Roger L. Simon

Fifty Shades of Iran Negotiations


So what’s going on here?  Then I remembered this documentary I’d seen — In the Bazaar of Sexes — about temporary marriage in Iran.  From the website:

It is said that Muhammad once advised his followers to enter into temporary marriages while travelling. According to tradition, the Prophet approved of such short-term alliances under certain circumstances, such as during wartime or while on pilgrimage. In Arabic, this practice of temporary marriage is called mut’a (pleasure); in Farsi it is known as sighe.

[snip]

For every temporary marriage, the man has to pay a pre-determined sum to his short-term wife. The duration of a sighe is set out in the marriage contract. From just a few hours to several years; anything is possible. There is only one restriction: after each sighe, a woman must wait two menstrual periods before marrying again.

An aged mullah in the film finds this rule sensible: “If a woman is constantly getting married, then what is the difference from prostitution?”

Good question.  Nevertheless, now we know.  John Kerry and Iran’s foreign minister Javad Zarif have been engaged in a temporary marriage. Well, they say Zarif is charming.  And yes, there are problems.  We know what Iran does to homosexuals.  It’s a lot worse than Indiana, I can assure you.  Nevertheless, Kerry and Zarif seem to have been a happy couple — for a while anyway.  And this is 2015, the year kink came out of the closet with the film version of Fifty Shades of Grey.

Which explains a lot — including why Kerry and the Americans have made concession after concession since the negotiations began (also why Obama’s adviser worked for the Iranian regime).  What began with the U.S. demanding absolutely no enrichment of uranium has ended with our negotiating team allowing Iran to keep the fortified underground heavy water reactor at Fordow.  Talk about capitulation.  Not even the Marquis de Sade could have asked for as much.

But we’ve done it.  The U.S. has been locked in an S&M game with the Islamic Republic of Iran, always on the masochistic side.  It’s as if Kerry were on his knees the entire time, screaming “Punish me!  Punish me!”  Unfortunately, the ones who are really being punished are the rest of us who didn’t want to play, who didn’t want to engage in sexual relations with that man or woman.  In fact, we didn’t want to engage with them in this kind of absurd negotiation in the first place that will end in something far worse than just another bad movie like Fifty Shades of Whatever.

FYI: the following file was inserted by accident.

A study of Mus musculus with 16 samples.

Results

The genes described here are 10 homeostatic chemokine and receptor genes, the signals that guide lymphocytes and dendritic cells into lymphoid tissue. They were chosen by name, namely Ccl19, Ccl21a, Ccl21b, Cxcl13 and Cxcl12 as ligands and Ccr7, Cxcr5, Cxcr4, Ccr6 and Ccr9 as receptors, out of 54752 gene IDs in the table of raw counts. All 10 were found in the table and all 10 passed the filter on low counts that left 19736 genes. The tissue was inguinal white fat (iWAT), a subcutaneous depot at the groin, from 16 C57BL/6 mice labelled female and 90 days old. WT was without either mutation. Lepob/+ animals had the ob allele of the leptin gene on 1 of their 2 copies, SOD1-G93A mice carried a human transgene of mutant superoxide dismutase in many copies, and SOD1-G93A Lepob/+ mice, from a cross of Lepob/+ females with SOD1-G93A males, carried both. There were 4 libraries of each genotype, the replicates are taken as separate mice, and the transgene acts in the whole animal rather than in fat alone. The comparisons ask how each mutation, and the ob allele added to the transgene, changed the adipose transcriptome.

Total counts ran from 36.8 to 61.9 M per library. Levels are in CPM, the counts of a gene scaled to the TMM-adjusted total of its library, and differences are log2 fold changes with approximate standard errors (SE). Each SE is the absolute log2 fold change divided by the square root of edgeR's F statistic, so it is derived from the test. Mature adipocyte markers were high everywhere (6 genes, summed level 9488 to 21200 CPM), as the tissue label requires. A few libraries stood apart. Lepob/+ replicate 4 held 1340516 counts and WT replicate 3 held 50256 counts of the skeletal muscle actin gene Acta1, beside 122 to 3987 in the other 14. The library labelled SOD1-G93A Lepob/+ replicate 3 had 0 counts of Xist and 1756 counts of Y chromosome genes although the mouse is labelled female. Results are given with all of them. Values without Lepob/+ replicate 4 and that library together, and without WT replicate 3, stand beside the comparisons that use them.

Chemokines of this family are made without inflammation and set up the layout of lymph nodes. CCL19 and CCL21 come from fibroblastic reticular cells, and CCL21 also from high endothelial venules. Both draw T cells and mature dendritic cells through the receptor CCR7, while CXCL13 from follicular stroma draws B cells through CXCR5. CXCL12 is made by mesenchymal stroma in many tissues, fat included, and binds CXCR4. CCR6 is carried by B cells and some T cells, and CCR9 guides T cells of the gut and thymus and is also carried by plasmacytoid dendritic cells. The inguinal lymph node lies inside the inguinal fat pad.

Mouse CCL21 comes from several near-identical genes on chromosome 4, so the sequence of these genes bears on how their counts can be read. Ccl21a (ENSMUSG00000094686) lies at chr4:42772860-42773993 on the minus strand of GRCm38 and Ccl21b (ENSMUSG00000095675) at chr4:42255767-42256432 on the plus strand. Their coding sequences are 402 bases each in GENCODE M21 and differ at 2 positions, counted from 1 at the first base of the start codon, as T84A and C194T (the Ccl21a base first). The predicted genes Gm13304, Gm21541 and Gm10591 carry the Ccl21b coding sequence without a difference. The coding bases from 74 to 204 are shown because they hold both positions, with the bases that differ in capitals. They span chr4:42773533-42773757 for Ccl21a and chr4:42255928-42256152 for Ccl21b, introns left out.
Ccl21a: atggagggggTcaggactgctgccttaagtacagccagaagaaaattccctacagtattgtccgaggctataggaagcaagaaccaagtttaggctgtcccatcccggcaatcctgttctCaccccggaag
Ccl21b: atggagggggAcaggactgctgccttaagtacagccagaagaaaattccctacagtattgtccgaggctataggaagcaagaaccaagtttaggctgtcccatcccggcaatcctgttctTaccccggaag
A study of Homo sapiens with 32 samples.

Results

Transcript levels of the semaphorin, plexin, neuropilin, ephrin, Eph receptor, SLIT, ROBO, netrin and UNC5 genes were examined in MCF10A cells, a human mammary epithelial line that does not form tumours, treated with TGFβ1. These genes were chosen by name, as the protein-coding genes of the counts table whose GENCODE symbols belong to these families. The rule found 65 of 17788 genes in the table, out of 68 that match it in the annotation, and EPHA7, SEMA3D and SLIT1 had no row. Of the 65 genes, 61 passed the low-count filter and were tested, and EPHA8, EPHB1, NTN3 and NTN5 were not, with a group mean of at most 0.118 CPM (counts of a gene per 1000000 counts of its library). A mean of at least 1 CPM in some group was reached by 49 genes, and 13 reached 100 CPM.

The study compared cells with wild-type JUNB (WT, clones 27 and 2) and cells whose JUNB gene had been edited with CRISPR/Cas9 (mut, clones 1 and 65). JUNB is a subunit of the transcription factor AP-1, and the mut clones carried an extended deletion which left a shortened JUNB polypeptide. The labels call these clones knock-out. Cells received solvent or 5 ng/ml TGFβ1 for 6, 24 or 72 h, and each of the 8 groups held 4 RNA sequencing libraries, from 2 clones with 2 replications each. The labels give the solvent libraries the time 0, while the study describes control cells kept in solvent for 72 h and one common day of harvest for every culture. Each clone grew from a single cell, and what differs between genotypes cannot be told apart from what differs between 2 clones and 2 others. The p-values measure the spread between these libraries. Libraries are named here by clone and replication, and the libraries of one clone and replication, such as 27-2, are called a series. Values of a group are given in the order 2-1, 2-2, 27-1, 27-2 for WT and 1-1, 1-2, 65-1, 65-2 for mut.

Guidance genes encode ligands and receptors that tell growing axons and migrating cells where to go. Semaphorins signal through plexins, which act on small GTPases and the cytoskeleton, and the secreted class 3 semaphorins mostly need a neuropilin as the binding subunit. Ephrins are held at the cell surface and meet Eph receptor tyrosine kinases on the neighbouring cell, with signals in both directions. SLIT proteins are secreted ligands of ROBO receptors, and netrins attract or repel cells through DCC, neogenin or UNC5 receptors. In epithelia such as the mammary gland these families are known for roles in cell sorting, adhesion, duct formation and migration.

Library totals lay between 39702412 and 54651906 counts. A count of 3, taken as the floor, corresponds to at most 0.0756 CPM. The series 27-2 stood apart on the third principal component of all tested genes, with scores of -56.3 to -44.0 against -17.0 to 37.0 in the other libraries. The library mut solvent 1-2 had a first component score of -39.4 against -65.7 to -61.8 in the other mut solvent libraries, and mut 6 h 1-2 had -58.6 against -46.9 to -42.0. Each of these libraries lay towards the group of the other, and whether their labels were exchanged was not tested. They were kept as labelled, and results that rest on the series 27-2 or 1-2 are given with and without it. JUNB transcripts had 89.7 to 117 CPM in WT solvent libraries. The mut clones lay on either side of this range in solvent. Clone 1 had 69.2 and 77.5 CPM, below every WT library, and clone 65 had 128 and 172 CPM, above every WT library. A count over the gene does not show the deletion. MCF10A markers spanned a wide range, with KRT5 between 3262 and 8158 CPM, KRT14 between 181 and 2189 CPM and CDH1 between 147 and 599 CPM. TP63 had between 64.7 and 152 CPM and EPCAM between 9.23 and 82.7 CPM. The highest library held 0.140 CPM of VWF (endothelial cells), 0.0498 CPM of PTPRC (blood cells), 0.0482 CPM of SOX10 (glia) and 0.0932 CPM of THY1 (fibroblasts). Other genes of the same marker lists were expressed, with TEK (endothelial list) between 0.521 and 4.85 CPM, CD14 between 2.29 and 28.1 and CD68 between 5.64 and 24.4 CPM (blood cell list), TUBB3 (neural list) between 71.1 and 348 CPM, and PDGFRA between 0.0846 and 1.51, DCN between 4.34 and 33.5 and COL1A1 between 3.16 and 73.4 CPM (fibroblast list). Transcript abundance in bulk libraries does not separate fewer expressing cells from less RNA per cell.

Writing today on behalf of the rest of us, the great Thomas Sowell put it succinctly:

Clearing the way for Iran to get nuclear bombs may — probably will — be the most catastrophic decision in human history. And it can certainly change human history, irrevocably, for the worse.

Against that grim background, it is almost incomprehensible how some people can be preoccupied with the question whether having Israeli prime minister Benjamin Netanyahu address Congress, warning against the proposed agreement, without the prior approval of President Obama, was a breach of protocol.

Against the background of the Obama administration’s negotiating what can turn out to be the most catastrophic international agreement in the nation’s history, to complain about protocol is to put questions of etiquette above questions of annihilation.

Now that agreement is the real S&M — only civilization is the masochist.

(Artwork created using multiple Shutterstock.com elements.)